On the face of it, startups looking for funding to launch or grow their companies have two avenues to raise that capital.
They can take venture capital, which is equity funding that provides permanent capital in exchange for a stake in the business. Investors have the right to a percentage of future profits or a stake in proceeds from the sale of the company.
On the other hand, they can look to raise debt. Venture debt for startups is like any other kind of debt in that it has to be repaid according to the terms of the loan or at exit. It may include a small equity stake to the lender, however, it will save the company’s existing equity holders significant dilution relative to raising that same amount of funding in equity.
A common misconception about these two sources of financing is that it’s one or the other. In fact, venture debt doesn’t need to replace venture capital. It typically complements it.
The Appeal of Venture Debt
The growth of venture debt is currently outpacing venture capital, according to Pitchbook’s Venture Debt: a Maturing Market in VC. The U.S. venture debt market was sized at $28.2 billion in 2019, hitting all-time record at the time. With the onset of the pandemic in 2020 few would have predicted another record year, but venture debt continues to prove be a popular option for venture backed companies globally, setting another record for total loan volume, though we saw a slight decrease in the number of companies financed.
Specialist lenders like Partners for Growth are creating more options for startups to get the capital they need, whether they are venture funded, independently sponsored or bootstrapped high growth companies, or have raised early-stage funding from other non-VC sources. Venture debt is an increasingly common source of growth capital funding, whether provided by specialist lenders, commercial banks, or other private debt funds.
Types of Venture Debt Financing
Just like more traditional financing through a bank, venture debt offers several types of options.
These have a fixed repayment period, usually two to three years from funding date. The funds may be released all at closing, or in tranches, giving you some money up front and the rest later to manage interest expense and debt load as the company scales.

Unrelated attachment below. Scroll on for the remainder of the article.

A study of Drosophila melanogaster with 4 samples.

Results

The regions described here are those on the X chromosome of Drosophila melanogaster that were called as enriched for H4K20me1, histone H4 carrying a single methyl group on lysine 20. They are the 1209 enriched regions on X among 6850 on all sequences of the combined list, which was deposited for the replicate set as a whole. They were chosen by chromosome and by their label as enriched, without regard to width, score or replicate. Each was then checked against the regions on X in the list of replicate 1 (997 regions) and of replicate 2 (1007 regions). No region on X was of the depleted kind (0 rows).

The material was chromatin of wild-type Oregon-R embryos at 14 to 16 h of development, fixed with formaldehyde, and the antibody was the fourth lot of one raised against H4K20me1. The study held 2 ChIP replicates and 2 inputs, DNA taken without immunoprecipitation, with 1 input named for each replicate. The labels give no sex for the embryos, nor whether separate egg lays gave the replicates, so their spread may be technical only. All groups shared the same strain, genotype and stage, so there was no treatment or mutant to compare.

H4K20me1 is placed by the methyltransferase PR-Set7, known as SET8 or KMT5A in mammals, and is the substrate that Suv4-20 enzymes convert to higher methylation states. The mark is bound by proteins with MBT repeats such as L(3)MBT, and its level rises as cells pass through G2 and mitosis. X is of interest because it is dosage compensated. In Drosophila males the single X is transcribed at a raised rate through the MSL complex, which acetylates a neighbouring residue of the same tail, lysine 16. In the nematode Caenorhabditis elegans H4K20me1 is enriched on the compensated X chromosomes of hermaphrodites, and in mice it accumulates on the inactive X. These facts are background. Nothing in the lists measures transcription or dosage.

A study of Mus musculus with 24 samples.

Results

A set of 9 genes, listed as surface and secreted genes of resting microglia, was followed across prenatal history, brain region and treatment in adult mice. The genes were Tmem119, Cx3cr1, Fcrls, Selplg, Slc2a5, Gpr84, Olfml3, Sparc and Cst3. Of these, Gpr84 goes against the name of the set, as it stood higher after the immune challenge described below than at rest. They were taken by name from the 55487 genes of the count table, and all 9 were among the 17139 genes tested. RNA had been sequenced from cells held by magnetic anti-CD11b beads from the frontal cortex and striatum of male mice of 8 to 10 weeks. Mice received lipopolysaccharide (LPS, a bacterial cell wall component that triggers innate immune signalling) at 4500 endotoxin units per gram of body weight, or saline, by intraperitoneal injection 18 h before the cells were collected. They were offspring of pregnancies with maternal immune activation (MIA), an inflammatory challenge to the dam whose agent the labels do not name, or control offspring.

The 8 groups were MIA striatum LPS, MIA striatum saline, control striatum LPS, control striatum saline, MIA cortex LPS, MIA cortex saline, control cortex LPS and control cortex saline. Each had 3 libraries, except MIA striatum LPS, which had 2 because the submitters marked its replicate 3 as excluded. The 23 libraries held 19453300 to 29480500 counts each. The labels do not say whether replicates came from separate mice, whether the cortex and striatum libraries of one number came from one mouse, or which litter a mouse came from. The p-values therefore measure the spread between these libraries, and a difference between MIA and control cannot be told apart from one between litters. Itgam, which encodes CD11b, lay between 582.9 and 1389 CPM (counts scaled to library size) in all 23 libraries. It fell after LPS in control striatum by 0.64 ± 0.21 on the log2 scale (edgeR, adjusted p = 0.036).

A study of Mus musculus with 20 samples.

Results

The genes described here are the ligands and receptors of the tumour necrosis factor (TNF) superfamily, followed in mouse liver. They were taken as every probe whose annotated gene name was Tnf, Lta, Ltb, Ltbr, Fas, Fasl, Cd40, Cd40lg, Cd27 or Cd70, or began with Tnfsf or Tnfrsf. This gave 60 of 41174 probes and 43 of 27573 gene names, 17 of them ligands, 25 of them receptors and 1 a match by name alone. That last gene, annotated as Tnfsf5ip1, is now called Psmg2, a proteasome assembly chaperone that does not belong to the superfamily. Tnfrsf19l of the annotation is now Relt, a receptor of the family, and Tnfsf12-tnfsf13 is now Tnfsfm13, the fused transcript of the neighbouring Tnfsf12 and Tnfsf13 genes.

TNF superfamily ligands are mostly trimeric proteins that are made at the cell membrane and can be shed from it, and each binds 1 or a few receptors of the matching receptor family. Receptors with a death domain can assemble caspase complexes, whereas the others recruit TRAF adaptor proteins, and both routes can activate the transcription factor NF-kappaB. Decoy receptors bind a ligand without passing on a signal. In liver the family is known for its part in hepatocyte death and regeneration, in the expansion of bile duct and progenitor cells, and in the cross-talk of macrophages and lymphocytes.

Line of Credit
This gives you access to a certain limit of money, like a credit card line for your business. You can take it all out, or some whenever you need it. You can pay back what you borrow and then have that available to borrow again.
This option combines the aspects of both debt and equity. You start off with a loan, which may then convert into equity at an agreed-upon outcome (like an event such as an IPO or sale of the business). Interest typically accrues until maturity or until the loan converts to equity.
When starting out, you may not be able to guarantee you can pay off a loan within a fixed amount of time or in a fixed amount each month, so you could consider a revenue/royalty share agreement where you sell a percentage of your future revenues, or you establish repayment of a loan based on future revenue. Payments may fluctuate with your revenue performance, and terms may be variable.
Using Your Debt with Venture Capital Funding
Even if you’ve received a round (or two) of funding from VCs, adding venture debt to the mix has many benefits.
You Can Optimize Your Funding Mix
Every time you take on a round of funding, you give away more equity in your startup. By having a balance of venture capital and debt, you can reach milestones while giving up less equity, or you can delay your next round of equity funding until you reach certain milestones.
It Provides a Cushion
Too many startups under budget what they think they’ll need to hit those milestones, and taking on venture debt can serve as insurance and a cushion to ensure you’ve got enough funding to hit goals without running into liquidity issues.
It’s the Most Cost-Effective Working Capital Finance
Especially in the startup phase, your equity funding can be very valuable. As your business proves its unit economics, funding the working capital needed for additional growth with debt rather than costly equity can save significant equity funding needs while still delivering growth capital to propel your business.
You Can Buy Equipment or Assets
If you need expensive equipment to run your business, you don’t have to wait for your next round of equity funding to cover it. There are even specific venture debt loans and equipment leases for this purpose.
Your Startup Can Reach Profitability Without Another Round
If you need just a little capital to help you reach profitability, you may not want to take on another round of VC funding to get there, since that will dilute your equity. Venture debt can close that gap.
It Can Increase Valuation
One of the biggest factors in taking on a round of funding is your startup’s valuation. If your valuation isn’t where you know it could be, maybe because you’re just shy of profitability, you may need capital to reach milestones to get there. Venture capital will dilute your equity at that lower valuation. However, taking venture debt allows you to reach the valuation you want with less dilution.
If you’ve received one or more rounds of capital and are looking for another cash infusion to fuel growth, venture debt can play nicely with the venture capital you’ve already received and put you in a stronger position for future fundraising.